Robert Kisteleki — Sep 2010
Let's take a look at how the number of different RIPE DB objects changed in the last nine years. Many of the graphs are easy to understand, but some of them are not trivial.

AS numbers


Up and to the right! The different shape until mid-2002 is most likely an artifact of our object counting methodology.



The big jump in May 2009 and the smaller one in April 2010 are due to synchronisation to and from the IANA registry and enhanced cooperation with other RIRs.




This is essentially a predictable, linear growth, so far. The occasional drops are synchronisation problems from bigger providers.



There were some the synchronisation hickups here too.



Not much we can add here...




One can see some cleanups (for instance in January 2005), as well as the growth speeding up in the recent years.



Exponential growth in the last years...



The drop in June 2006 is due to the deprecation of syntax, where the cleanup removed 180 domain objects. In July 2010 one ISP created ~250 reverse domain objects. Otherwise it's the same as the previous - IPv6 is taking off!


People, organisations and teams


We can observe a number of interesting things here. There are a number of cleanup efforts clearly visible: mid 2003, January 2008 and regularly since mid 2009. It's interesting to see the downward curve in the first half of 2009: this marks the period where the cleanup of person objects was executed with a gradually increasing speed, while new person objects were created by our users. The result of this "fight" is the downward curve.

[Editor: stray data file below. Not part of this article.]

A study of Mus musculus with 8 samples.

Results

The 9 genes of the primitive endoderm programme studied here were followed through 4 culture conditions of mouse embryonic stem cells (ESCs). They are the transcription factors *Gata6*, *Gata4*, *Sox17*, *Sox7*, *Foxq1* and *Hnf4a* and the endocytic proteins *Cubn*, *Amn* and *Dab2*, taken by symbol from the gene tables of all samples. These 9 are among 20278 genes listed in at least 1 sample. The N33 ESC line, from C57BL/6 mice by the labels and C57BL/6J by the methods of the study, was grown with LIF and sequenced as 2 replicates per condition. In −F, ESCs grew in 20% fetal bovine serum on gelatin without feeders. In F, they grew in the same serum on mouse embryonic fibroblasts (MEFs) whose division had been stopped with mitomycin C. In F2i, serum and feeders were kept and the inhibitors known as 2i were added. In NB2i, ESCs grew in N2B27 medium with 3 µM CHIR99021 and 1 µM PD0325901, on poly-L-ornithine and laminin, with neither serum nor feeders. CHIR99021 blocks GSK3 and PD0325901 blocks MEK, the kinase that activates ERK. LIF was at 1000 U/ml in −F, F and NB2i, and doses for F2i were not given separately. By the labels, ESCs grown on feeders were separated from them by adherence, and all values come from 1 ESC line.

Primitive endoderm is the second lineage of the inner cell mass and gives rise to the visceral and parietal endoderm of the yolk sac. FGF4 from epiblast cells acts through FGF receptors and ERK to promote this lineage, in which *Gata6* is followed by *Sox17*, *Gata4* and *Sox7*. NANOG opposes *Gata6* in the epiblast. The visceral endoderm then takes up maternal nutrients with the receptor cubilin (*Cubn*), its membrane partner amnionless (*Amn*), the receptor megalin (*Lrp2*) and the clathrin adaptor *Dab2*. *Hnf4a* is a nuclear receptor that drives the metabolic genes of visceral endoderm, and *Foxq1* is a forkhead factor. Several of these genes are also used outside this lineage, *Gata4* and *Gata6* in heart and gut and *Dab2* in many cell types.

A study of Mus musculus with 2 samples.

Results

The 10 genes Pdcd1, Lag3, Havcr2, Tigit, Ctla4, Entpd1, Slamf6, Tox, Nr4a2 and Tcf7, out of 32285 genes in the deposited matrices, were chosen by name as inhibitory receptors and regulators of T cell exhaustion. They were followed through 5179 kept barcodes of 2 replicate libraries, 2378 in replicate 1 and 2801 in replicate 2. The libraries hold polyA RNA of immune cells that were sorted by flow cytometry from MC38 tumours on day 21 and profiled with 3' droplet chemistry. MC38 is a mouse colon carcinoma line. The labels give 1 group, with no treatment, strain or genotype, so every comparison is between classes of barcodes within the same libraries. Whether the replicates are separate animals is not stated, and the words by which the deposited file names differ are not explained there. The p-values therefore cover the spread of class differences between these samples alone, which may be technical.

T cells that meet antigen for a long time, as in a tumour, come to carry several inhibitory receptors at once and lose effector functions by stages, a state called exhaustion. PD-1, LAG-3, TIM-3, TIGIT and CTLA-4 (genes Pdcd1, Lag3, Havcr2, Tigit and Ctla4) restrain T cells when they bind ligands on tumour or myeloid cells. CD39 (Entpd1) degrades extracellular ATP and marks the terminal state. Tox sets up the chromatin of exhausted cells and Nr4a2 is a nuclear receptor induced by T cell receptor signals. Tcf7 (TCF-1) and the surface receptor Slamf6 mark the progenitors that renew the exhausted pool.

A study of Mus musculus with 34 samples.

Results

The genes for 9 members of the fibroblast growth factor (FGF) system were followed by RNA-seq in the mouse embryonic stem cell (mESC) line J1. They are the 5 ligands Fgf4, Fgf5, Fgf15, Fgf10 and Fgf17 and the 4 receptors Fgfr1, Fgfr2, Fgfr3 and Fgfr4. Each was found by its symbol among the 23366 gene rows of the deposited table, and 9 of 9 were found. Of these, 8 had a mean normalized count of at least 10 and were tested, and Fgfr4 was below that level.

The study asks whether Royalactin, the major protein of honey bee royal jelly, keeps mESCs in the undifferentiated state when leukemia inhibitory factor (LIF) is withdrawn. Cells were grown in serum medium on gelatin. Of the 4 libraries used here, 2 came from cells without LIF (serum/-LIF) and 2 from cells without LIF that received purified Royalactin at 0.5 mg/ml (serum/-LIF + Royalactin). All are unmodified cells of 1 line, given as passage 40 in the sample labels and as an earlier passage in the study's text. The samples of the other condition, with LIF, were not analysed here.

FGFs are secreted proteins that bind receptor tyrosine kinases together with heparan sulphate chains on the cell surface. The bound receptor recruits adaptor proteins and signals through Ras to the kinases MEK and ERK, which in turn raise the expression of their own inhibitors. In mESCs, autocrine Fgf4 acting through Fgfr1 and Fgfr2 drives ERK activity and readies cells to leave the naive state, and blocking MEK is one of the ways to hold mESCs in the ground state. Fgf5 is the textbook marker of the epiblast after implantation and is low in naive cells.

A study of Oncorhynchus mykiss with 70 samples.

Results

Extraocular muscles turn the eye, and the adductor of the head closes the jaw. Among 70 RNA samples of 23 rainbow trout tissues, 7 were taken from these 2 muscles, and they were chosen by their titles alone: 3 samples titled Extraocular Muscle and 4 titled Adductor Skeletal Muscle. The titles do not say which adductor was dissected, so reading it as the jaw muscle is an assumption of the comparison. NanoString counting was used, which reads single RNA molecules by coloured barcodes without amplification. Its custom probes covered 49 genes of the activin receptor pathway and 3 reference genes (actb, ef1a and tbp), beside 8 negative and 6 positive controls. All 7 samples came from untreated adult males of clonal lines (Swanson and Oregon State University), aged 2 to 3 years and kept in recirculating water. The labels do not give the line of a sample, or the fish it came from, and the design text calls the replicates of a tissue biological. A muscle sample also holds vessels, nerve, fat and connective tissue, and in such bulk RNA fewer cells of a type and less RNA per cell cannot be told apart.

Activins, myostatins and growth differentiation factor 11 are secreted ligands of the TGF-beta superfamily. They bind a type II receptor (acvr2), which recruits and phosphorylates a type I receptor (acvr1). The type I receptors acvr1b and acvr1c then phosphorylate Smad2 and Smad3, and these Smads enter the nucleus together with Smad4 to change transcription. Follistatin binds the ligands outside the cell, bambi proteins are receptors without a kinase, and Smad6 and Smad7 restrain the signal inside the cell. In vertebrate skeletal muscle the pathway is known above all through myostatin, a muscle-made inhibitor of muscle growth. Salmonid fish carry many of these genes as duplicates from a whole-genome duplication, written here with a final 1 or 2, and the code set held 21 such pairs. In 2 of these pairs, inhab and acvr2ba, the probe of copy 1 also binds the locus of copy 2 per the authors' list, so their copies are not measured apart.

The effects of a number of cleanups are pretty obvious. In August 2002 and in November 2004 many objects were created as a result of the ERX project.



We can observe the same pattern here. The downward curve in mid 2009 is clearly noticeable. For a more detailed explanation of the jump in January 2003, please refer to Clean-up of References by Name and Other Invalid References



The organisation objects were first introduced in April 2004. Roughly 10.000 objects were created because of the ERX project in November 2004.



Three jumps are noticable here:

  • 15 August 2003: not sure why :-)
  • 18 May 2005: just after RIPE50 (Stockholm)
  • 5 October 2009: RIPE59 (Lisbon)






In mid 2005 the more generic "poem" form was introduced, and took over for "limerick". Limerick lies dormant ever since. We can also conclude that some people are still producing such artistic objects :-)




It's safe to say that the inet-rtr objects are not as popular as they were imagined to be...



Route-sets seem to be relatively popular, but the lines for the other sets are essentially flat - almost no one produced these for a long time. One can thereby ask: how useful are these?


1 Comment

Anonymous says:
13 Sep, 2010 07:11 PM
It might be worthwhile noting that domain objects are used to configure reverse DNS, for those who are looking at the graphs and wondering.